On Tuesday 22nd February 2022, a conference took place in the amphitheatre 225 of the Faculty of Education on the theme Higher Education for Sustainable Socio-Economic Growth: Cultivating 21st Century Skills.
The conference commenced at exactly 2:25 pm with the arrival of conference officials; being the Dean of the Faculty of Education, Pr. Bela Cyrille Bienvenu, the Conference Speaker, Pr. Michael T. Ndemanu, the Cultural Affairs Specialist for the American Embassy in Cameroon, Mr. Etan Tabor, and the Moderator, Dr. Teneng Patience epse Bame. The program of the conference was presented and the floor was given to the Dean for a welcome word. In his welcome word, he expressed gratitude for having the Speaker and the Cultural Affairs Specialist of the American Embassy in the Faculty of Education. He indicated that every good turn deserves another and the Faculty of Education shall continue to work in collaboration with the guests of the day. He also expressed the wish for Lecturers, just like students to benefit from the fruits of the new found cooperation in terms of exchange/experience sharing visits, Fulbright studies, publications and co-publications, etc.
The floor was then given to the moderator to introduce the Speaker, which she did and went ahead to introduce the Cultural Affairs Specialist to the American Embassy that accompanied the speaker in question. The Cultural Affairs Specialist was given the opportunity to say a word and the floor was immediately given to the Speaker for his presentation. The Speaker commenced by indicating that education is his passion and that is why wherever he finds himself around the World he does not hesitate to work towards making sure that education brings about societal transformation. He said that governments of nations are currently paying a lot of attention to education and that is why budgetary allocations for ministries in charge of education are constantly on a rise lately.
His presentation centered principally on knowledge economy; which involves education, information and innovation. In effect, he indicated that the demand for skills is constantly changing and from the year 2002 till date, problem solving skills are mostly demanded. To him, this has led to a consequential change in learning expectations in a way that proficiency, team work, adaptability, communication, innovation, criticism, ability to cross specialist borders, and so on are now the new normal. He reiterated that there is also focused on competency-based graduation; in which case a graduate suppose to be able to appropriately use the skills he/she acquired in school to solve a particular problem. To the Speaker, growth in the knowledge economy manifests itself through a rise in high-tech industries, the service sector, self-employment, and an increase in the number of patents issued. Graduates therefore have to focus on creating initiatives that can help solve societal/humanity problems and by so doing, they will be able to make money too.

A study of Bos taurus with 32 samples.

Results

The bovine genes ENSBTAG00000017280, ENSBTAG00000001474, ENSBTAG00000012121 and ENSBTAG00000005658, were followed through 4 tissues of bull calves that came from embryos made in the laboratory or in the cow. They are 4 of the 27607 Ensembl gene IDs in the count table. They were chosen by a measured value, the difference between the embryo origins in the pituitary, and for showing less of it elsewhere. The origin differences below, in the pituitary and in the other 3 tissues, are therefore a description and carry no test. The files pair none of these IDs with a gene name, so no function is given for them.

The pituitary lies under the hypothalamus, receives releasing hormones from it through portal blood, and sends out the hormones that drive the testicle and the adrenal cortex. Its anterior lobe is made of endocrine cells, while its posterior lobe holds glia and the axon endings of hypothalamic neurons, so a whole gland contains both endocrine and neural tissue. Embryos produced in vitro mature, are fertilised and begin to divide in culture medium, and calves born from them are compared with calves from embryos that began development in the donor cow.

He proceeded by proposing some mechanisms that can be put in place to maximize learning outcomes. Here, he indicated that learners have to be competent knowledge workers through creation, innovation and adaptation to exigencies of the changing time. Learning should thus be continuous and learners should participate in the learning process, transfer acquired knowledge in real life situations, do research, do global/diversified learning, etc. Education equally has to be transformative by way of goal-orientation, auto-evaluation, relearning, etc so that the learner can become a knowledge worker. To the Conference Speaker, 21st Century skills are cultivated via learning, literacy, global awareness, life skills, communication and collaboration.
On a conclusive note, the Speaker presented Gross Domestic Product (G.D.P) rates of different continents and countries and indicated that the higher the educational level of a country, the higher its G.D.P rate and vice versa. He posed a question on what higher education graduates need to do so as to narrow the G.D.P gaps of their respective continents/countries and rounded up with a series of “food for thought” questions addressed to students. They centered on: the reason for one to further his/her education; the decision to stand for excellence or mediocrity; the way forward after studies and the added value that acquired knowledge can bring to countries and the world at large.
After the Speaker’s presentation, the moderator took time to make an overview of the presentation and opened the floor for a question and answer session. Questions coming from conference participants centered on investment in education, characteristics of sustainable knowledge, the availability of research infrastructure, how to bridge the training-employment gap, and the type of professionalization that is suitable for Cameroon.
A session was then dedicated for the handing of Pedagogy and Psychology books as a gift from the Cultural Affairs Specialist of the American Embassy to the Faculty of Education. This exercise was immediately followed by the Dean’s closing remark, a family picture and a cocktail.